Writing a Tabbed Container View Controller
One of the things I’ve focused on this year is improving the navigation within our app. Making the class menu...
On my first day at Remind, I was setting up my development environment when I received a meeting request from our Head of Customer Support, Natalie. As an engineer, I had never worked closely with the Customer Support team, so this invitation was a little puzzling. Since I had been with the company a total of 3 hours, I decided to go with it.
The hour flew by. Natalie was amazing as she walked me through the product and helped me answer a few customer emails. After this brief orientation, I was ready to dive into my first (trivial) task and frankly, never lay my eyes on ZenDesk again. But just as I was packing up, Natalie mentioned something called “Live Chat” — a company-wide program where everyone commits to an hour of live support a week.
My heart sank.
I’m not your stereotypical nerdy engineer. Sure, I might have some introverted tendencies, but I’ve never found it difficult to connect with people. Being the voice of Remind to our users, though? Why would the company trust me with such a huge responsibility?
I was so terrified of Live Chat that I successfully evaded the duty for 14 weeks and 2 days. Things were pretty smooth until I was outed by my best friend (who happens to do Customer Support at Remind) – #thanksalot, Jenna ;) My hands shook as I put on my Live Chat cape for the first time. I logged into our system and waited to get overrun by impossible chat requests. Within minutes, I was surprised to find this real interaction with customers hugely empowering. When I think about it, this shouldn’t be surprising at all. Customer Support is problem solving at its core — some problems are simple: “Help! I don’t remember my class code!”, while others require a little digging and uncover a weird edge case: “One of my students can’t sign up. Everyone followed the same steps :/”. I recognized that this satisfaction in solving problems is what actually drew me to engineering in the first place. (Making people think I’m a wizard for doing a simple database lookup is a close second ;)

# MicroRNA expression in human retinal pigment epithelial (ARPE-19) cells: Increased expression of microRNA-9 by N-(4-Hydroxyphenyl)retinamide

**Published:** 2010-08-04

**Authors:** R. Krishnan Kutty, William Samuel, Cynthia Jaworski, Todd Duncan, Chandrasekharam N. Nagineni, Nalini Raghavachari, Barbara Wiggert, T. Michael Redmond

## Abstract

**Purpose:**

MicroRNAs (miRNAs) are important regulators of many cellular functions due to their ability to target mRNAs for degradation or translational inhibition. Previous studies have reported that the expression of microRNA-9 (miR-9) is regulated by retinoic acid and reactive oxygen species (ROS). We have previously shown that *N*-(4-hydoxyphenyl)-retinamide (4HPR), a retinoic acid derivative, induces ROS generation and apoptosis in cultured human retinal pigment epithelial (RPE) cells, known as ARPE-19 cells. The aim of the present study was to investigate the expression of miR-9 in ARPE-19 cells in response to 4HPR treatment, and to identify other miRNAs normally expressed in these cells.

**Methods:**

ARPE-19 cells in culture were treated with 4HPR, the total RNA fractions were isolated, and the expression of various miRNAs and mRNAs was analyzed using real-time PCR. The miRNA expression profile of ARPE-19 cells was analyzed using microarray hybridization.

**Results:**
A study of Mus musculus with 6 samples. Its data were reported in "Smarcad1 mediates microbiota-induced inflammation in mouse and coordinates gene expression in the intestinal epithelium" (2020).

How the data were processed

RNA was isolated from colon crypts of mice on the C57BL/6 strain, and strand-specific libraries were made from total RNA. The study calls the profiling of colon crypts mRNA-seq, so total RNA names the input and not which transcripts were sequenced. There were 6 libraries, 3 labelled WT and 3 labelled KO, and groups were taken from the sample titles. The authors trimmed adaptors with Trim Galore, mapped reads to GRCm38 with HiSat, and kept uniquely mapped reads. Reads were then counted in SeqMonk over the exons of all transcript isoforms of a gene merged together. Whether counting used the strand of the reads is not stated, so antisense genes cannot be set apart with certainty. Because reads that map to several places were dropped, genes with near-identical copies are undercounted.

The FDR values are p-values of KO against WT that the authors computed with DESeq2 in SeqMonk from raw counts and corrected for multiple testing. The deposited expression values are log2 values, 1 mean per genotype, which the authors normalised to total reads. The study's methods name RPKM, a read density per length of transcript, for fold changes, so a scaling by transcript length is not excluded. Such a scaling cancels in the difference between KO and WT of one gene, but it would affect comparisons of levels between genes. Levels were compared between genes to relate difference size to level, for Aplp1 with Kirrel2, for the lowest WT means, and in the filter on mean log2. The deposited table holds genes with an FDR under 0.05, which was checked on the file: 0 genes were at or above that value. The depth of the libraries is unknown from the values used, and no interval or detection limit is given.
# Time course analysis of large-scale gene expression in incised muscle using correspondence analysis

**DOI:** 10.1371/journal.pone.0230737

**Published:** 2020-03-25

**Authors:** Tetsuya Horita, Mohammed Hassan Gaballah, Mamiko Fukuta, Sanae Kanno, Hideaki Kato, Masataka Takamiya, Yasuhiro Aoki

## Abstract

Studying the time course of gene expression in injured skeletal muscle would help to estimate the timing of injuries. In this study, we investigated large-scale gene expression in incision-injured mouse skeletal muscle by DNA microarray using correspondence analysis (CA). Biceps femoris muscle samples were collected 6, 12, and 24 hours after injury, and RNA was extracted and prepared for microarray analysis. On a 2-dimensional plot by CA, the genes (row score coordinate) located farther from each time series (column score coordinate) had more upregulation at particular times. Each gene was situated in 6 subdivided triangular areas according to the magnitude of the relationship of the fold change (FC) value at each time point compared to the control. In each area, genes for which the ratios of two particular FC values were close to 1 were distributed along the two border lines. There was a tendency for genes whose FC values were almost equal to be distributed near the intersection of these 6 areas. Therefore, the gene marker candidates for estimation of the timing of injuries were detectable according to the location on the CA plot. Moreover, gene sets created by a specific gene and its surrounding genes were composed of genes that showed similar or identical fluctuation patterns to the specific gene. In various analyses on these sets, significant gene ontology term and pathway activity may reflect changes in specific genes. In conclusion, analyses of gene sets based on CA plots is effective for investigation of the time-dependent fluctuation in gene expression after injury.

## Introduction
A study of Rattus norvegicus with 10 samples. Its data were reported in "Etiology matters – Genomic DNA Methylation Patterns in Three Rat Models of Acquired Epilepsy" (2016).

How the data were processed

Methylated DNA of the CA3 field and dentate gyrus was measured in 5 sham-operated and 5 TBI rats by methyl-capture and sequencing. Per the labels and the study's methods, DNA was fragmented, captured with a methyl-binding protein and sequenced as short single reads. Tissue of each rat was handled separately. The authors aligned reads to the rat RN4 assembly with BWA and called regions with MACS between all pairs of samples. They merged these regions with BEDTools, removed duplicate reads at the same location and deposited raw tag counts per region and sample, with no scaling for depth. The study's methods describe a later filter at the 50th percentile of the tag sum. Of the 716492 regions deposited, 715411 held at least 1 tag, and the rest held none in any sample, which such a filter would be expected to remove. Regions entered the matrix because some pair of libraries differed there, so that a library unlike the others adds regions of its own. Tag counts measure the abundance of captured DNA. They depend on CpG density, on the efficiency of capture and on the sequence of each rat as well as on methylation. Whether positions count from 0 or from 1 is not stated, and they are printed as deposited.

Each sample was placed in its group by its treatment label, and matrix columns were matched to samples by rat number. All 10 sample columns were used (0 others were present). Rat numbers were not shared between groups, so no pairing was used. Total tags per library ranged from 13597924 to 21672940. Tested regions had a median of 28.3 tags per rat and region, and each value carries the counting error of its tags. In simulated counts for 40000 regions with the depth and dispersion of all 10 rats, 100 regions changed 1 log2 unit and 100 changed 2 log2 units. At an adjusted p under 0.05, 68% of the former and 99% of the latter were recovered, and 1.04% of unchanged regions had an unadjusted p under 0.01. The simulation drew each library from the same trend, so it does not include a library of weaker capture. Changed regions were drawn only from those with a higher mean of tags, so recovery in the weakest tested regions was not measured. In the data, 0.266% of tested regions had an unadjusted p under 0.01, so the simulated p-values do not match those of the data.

Talking to real people who use our product has been hugely motivating for me — and I believe it makes me a better engineer. I’m not into building for hypothetical users, but I am totally stoked about impacting the lives of my favorite teachers and people I’ve personally connected with on Live Chat.
Live Chat is my opportunity to see our product from the perspective of a teacher. To me, it might make total sense to view the messages from all my classes in one place. But for teachers and students, they might find “a cool new view” confusing because it complicates their actual workflow. Having this kind of customer empathy built into my week is what drives me. In practice, instead of feeling discouraged, or worse, apathetic, about having to refactor a feature to simplify our product, I now have a sense of urgency. I feel responsible for what I build, because its in front of a real, breathing person whose life I can make a tiny bit easier.
When the ping of my first Live Chat request came in, I went from feeling panicked to having a grin on my face in 5 minutes flat. As an iOS and back-end engineer, I’m in a unique position to field a customer query. I have the power to resolve something that is a pain-point to a customer, ship that fix, and get feedback about whether the solution worked or not. The feedback helps me build a better, more valuable feature for users — not just a cool, technically-challenging one.
My hands no longer shake when I put on that cape every Tuesday. I look forward to connecting with our users and figuring out ways to help them. They remind me why I became an engineer.